Stronger Together

Stronger Together

Common Cause CT intern Asha Merz shares why money in politics is a problem young Americans should pay more attention to

Written by Asha Merz

My name is Asha Merz, I am 15 years old, and I am interning with Common Cause Connecticut this summer. It still sounds strange, even to me, hearing that string of phrases together. Most people assume that 15 is too young to produce good work or handle responsibility. I was definitely intimidated at first, but the experience I have gained at Common Cause has been very valuable to me in seeing firsthand how to counteract money in politics at the state level. Through relating my experience to my cohort, I hope to inspire a whole army of teens to care about what I regard to be the seminal issue that will define our quality of life in years to come.

My generation is notoriously naive and self-obsessed- either too involved in our own issues or other, petty things like the latest fashion trend or the newest technological gadget. I have experienced this firsthand, even at my own high school. The lack of participation and engagement on important political issues like campaign finance reform is astounding. Don’t get me wrong – we have our fair share of environmentalists, human rights activists, animal rights advocates- the list goes on and on. But I have noticed that none of these people seem to even consider that the issues surrounding campaign finance reform effect — and even define the fights for — the things they most care about. The financial value of many of the largest corporations, and heaviest contributors to political campaigns, is larger than the GNP of many nations. And their interests directly conflict with the interests of our citizens — clean air, clean water, living with dignity, and treating animals humanely.

One recurring thought that I hear from kids my age is that they “want to be heard” and “want to make a difference”. Because of the way our nation’s democracy works, the most effective way to do this is for the average person to vote for leaders that promise to focus on the things they care about. But as long as big money rules campaigns, elected officials will be captive to big money’s interests and will always legislate to the needs of their “owners” rather than the people who elected them. On every single issue. And after the Supreme Court’s decision in the Citizens United case, there is no limit to the amount of money these corporation can spend on politics because the Supreme Court has deemed that political spending remains protected as “free speech” and that corporations have the same rights as people in exercising their free speech.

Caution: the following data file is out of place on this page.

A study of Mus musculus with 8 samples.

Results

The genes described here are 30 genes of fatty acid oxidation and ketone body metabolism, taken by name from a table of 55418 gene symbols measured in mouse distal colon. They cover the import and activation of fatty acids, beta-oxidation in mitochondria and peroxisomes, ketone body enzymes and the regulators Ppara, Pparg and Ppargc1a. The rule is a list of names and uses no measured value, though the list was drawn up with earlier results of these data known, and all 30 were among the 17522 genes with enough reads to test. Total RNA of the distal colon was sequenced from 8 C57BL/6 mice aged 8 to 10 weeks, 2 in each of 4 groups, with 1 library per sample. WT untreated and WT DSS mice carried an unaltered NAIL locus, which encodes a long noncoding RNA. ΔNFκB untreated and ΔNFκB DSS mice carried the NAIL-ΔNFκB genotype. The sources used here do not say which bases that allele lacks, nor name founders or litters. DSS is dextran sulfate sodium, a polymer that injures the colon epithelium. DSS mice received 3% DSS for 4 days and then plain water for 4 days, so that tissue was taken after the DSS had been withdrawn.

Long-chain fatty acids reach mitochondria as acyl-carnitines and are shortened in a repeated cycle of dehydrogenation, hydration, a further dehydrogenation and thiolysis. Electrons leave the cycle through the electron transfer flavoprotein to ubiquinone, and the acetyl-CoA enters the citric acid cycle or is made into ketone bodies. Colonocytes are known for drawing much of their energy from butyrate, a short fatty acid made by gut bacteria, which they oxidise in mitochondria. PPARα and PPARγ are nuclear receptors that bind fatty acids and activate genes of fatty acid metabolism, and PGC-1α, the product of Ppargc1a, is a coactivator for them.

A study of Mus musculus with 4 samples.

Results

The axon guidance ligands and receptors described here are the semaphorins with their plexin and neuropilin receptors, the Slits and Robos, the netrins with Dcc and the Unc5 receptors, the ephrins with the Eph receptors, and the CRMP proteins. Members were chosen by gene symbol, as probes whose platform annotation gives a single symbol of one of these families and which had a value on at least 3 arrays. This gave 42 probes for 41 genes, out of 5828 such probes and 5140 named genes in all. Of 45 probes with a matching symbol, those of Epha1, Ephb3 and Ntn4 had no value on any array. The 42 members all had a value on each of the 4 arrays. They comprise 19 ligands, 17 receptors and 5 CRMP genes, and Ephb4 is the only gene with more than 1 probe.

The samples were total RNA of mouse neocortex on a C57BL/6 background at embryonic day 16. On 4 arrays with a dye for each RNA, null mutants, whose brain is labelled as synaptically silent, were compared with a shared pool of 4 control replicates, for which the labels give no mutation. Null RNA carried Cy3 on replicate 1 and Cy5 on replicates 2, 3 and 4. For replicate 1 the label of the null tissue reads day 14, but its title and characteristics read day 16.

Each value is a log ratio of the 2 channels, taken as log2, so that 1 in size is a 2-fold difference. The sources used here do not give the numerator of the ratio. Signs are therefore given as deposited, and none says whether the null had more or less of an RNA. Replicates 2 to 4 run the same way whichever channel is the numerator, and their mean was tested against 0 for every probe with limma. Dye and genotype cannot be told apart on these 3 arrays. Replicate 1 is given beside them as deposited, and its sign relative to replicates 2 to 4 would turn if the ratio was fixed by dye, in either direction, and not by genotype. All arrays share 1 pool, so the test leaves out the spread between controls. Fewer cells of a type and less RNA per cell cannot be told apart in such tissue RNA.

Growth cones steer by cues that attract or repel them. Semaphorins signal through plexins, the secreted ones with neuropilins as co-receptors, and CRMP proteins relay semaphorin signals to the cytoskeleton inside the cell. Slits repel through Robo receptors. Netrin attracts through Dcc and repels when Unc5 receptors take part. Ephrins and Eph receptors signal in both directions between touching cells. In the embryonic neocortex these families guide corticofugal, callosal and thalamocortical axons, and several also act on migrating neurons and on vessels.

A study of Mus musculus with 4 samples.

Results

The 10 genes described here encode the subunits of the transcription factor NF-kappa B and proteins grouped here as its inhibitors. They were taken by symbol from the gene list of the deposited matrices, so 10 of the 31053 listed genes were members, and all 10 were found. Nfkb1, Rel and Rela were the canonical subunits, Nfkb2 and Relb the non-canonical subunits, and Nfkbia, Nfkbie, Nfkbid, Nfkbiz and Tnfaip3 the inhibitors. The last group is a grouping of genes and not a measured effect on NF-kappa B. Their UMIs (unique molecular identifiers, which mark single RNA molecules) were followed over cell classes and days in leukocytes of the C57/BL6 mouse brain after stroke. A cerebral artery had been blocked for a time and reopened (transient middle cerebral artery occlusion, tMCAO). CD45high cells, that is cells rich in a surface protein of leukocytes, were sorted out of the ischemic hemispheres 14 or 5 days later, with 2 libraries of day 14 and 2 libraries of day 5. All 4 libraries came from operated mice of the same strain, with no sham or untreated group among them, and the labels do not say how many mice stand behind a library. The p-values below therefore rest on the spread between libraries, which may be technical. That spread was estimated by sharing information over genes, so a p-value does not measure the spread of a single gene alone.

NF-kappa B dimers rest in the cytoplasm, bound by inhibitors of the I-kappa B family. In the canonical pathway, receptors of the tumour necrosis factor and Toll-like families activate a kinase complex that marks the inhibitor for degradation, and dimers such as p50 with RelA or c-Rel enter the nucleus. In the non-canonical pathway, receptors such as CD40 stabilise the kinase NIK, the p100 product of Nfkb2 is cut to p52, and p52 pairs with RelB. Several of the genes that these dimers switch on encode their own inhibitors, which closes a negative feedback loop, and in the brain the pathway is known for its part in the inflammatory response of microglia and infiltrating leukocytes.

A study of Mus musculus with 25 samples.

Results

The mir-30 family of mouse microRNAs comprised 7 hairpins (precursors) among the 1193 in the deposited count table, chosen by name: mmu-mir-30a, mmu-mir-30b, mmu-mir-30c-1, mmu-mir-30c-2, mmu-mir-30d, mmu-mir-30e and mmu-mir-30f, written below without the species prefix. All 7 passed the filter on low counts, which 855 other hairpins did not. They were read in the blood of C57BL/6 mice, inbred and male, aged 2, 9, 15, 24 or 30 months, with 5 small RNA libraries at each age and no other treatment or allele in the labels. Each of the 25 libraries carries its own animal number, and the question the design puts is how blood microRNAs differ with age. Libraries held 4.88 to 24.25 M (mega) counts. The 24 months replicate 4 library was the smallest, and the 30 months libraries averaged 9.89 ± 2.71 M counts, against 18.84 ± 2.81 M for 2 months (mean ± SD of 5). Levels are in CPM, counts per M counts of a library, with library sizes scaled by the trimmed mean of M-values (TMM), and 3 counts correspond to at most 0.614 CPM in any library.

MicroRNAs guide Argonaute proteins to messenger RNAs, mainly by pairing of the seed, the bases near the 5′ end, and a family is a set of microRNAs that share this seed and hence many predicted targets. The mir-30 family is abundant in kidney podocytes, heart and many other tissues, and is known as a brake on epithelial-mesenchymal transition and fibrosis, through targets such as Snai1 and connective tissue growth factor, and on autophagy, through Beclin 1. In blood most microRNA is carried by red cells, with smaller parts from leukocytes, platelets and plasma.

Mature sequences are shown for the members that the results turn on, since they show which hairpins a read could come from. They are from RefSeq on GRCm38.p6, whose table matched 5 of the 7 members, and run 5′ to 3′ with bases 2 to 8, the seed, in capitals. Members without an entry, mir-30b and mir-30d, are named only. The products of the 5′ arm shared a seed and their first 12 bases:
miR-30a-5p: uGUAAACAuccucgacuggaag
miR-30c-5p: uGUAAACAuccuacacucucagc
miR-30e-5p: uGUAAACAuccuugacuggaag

How can the average person make a difference if their supposedly “equally weighed” vote is being overshadowed by the special interests of big money companies? The average person does not own a multi-billion dollar corporation and cannot give millions to a candidate to guarantee a policy favor once the candidate is in office. If the elections continue the way they are at the present, the average citizen’s voice will not be heard. The environmentalists will not get their fair say and will have little influence over legislators who will do what it takes to continue to get reelected in the short run, even if it irrevocably harms the environment, or even all of us, in the long run. The best antidote to the power of money is an informed and active citizenry. In the end, the political candidate still needs the masses to vote for him/her, and if we can become informed and empowered, we can collectively fight back.

This sad, but accurate truth must be spread. My generation has to hear this, or else they will continue to think that campaign finance reform doesn’t concern them. That is why I take every opportunity possible to spread my knowledge about these issues, to try to alert my generation to what is actually happening. Working with Common Cause has broadened my understanding of these issues immensely and helped me deepen my understanding of how we can make a difference: get people to register to vote, help them vote, help them understand the policy issues and how it affects them, work for clean elections and become informed consumers of the corporations that clothe and feed us. I hope to use this knowledge to the best of my ability and attempt to educate every young person I meet who falsely believes that change is not possible. It reminds me of my favorite childrens’ book growing up: Swimmy, written by Leo Lionni. When all the little fish band together to swim in formation, they become as big as the largest, most intimidating fish, and are able to scare predators away and swim in whatever direction they choose to go.